CVs come in all shapes and sizes and the format it will take will be down to you and the type of job you are applying for. Whatever format it takes however, you need to persuade potential employers that you have the right skills for the job.

Pass the 30 second test

Studies show that employers will give your CV an initial scan spending just 6-30 seconds. This means you need to get the best stuff high up on the first page. 

Personal Profiles

Using a personal profile can be a really great addition to your CV if done well, if not it can be a huge turn off for employers. Think of it as a film trailer about you – the best 3 points about you. Don't just fill a paragraph with subjective adjectives about how you are reliable, hardworking and a great team player, and avoid clichés like "excellent at working on your own and in a team" Make your profile unique by talking about your skills in context of your experience. Then tell them what you want to do.

A CV is not a job description – sell your achievements

The aim of your CV is to sell yourself to employers as the right candidate for a role and to be invited for an interview as a result. A CV should be an overview of your skills and experience. Focus on your achievements. Instead of writing long paragraphs keep them punchy – try starting your sentences with "action verbs" i.e. developed, managed, identified, negotiated, organised and if you can try to quantify results – i.e. you improved efficiency by X% or raised £100 for charity. Give a context, did you help co-ordinate an event for 10 people or 200?

Keep it concise

Keep your CV to no more than two sides of A4. In some industries such as creative roles and investment banking a one page CV is required. When it comes to your previous job history, don't feel obliged to describe every role you've ever worked in.

Provide more details about your current or most recent role, especially if it's relevant to the job you’re applying for, but don’t feel the need to describe every job you ever did. If you've done a placement or have some good internships, then potentially you don’t need to list the paper round!

Tailor your CV to the role

You will need different CVs for different roles and if you're applying for part time jobs then it’s a good idea to have a "part time" CV and a "professional" CV. 

Look at the skills required for the roles you are applying for and show through your work experience how you can demonstrate these skills. There is no point in mentioning skills with no evidence of how you developed them!

You might find it helpful to theme your CV. For example, if you're going for marketing roles, your most recent role is a part time job at Asda but actually the year before you did a placement / internship in marketing, then put the placement on the first page with a title "Relevant" or "Marketing" experience. Then add a title "Part time jobs" or "Customer service roles" or "Other experience". That way, your best experience doesn’t get lost at the end of the second page – remember, employers are skimming quickly so make sure the information is on the first page.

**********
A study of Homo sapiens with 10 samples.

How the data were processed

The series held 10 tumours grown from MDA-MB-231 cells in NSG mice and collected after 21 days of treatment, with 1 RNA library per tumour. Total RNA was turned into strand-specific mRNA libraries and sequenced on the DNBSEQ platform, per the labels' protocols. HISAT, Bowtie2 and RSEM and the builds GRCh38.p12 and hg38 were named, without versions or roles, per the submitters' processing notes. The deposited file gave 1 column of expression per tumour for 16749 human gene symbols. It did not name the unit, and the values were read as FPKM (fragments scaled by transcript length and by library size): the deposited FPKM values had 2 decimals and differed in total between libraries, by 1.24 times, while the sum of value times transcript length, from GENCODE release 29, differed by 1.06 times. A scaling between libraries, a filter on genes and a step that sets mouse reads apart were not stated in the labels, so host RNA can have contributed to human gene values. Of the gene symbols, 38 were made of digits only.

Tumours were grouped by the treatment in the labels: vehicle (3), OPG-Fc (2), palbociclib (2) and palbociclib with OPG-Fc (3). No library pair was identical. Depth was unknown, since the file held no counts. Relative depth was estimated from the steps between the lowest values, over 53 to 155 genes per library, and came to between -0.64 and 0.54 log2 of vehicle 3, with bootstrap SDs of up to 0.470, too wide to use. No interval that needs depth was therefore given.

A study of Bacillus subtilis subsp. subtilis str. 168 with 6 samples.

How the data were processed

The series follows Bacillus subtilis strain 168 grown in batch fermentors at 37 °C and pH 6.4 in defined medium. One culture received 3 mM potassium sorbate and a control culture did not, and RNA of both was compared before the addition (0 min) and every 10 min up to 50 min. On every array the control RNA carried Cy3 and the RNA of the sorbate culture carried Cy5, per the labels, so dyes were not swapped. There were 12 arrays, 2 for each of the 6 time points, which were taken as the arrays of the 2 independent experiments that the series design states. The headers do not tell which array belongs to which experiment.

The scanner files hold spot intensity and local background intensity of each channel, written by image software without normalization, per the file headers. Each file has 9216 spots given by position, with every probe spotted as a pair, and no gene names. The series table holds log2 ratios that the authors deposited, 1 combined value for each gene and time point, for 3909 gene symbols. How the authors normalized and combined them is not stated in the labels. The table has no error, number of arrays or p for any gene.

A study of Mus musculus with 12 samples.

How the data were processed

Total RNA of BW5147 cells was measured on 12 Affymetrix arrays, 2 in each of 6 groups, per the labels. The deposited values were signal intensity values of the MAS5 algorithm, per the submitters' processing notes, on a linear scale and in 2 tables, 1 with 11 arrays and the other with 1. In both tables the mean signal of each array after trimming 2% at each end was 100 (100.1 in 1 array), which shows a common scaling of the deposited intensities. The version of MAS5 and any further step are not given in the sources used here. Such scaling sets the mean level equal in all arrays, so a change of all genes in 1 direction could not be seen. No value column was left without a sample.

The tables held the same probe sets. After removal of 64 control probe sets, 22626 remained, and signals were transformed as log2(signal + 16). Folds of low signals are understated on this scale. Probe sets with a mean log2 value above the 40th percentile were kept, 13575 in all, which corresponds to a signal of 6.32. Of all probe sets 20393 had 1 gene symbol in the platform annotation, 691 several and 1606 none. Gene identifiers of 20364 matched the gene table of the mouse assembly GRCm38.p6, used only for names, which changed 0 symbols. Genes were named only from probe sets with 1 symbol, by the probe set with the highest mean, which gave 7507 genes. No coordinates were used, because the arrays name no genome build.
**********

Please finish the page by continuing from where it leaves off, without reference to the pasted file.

Play around with the layout

Your CV doesn't have to be a basic word document; you can make it more exciting than that. There are lots of templates available. For jobs in creative advertising, graphic design etc. you may need to develop a more creative format.

Worried you don’t have enough experience?

Employers are interested in your experience but also they want to see your potential, so don't panic if you don’t have lots of relevant experience yet. Instead, focus on the transferable skills you've developed at university and what you've achieved. Highlight any extra-curricular activities you got involved with, any part time roles and shout about your volunteer work. If you participated in the Global Talent Programme make sure you highlight it.

Check it, and then check it again

Employers with a pile of CVs to read through will filter your CV out if they start to find grammar or spelling mistakes. Having errors in your CV can come across as a basic lack of attention to detail. It's impossible to proofread your own work, so don't even try - find a friend or family member and ask them to proofread your CV for you. It’s a relatively simple thing to do, but it could make all the difference.

There are plenty of resources on MyCareerHub, check out the CV Booklet for hints, tips and CV and cover letter examples. There is also advice on cover letters and LinkedIn profiles, crucial in the application process. 

If you'd like your CV to be reviewed by a Careers Adviser please make an appointment via MyCareerHub or come along to a drop-in session in the Careers Centre (outside the library, Talbot Campus), these are also advertised on MyCareerHub. N.B. If you're applying for a mandatory placement that is part of your course then book an appointment with your Placement Coordinator, when writing CVs for all other roles, book an appointment with a Careers Adviser.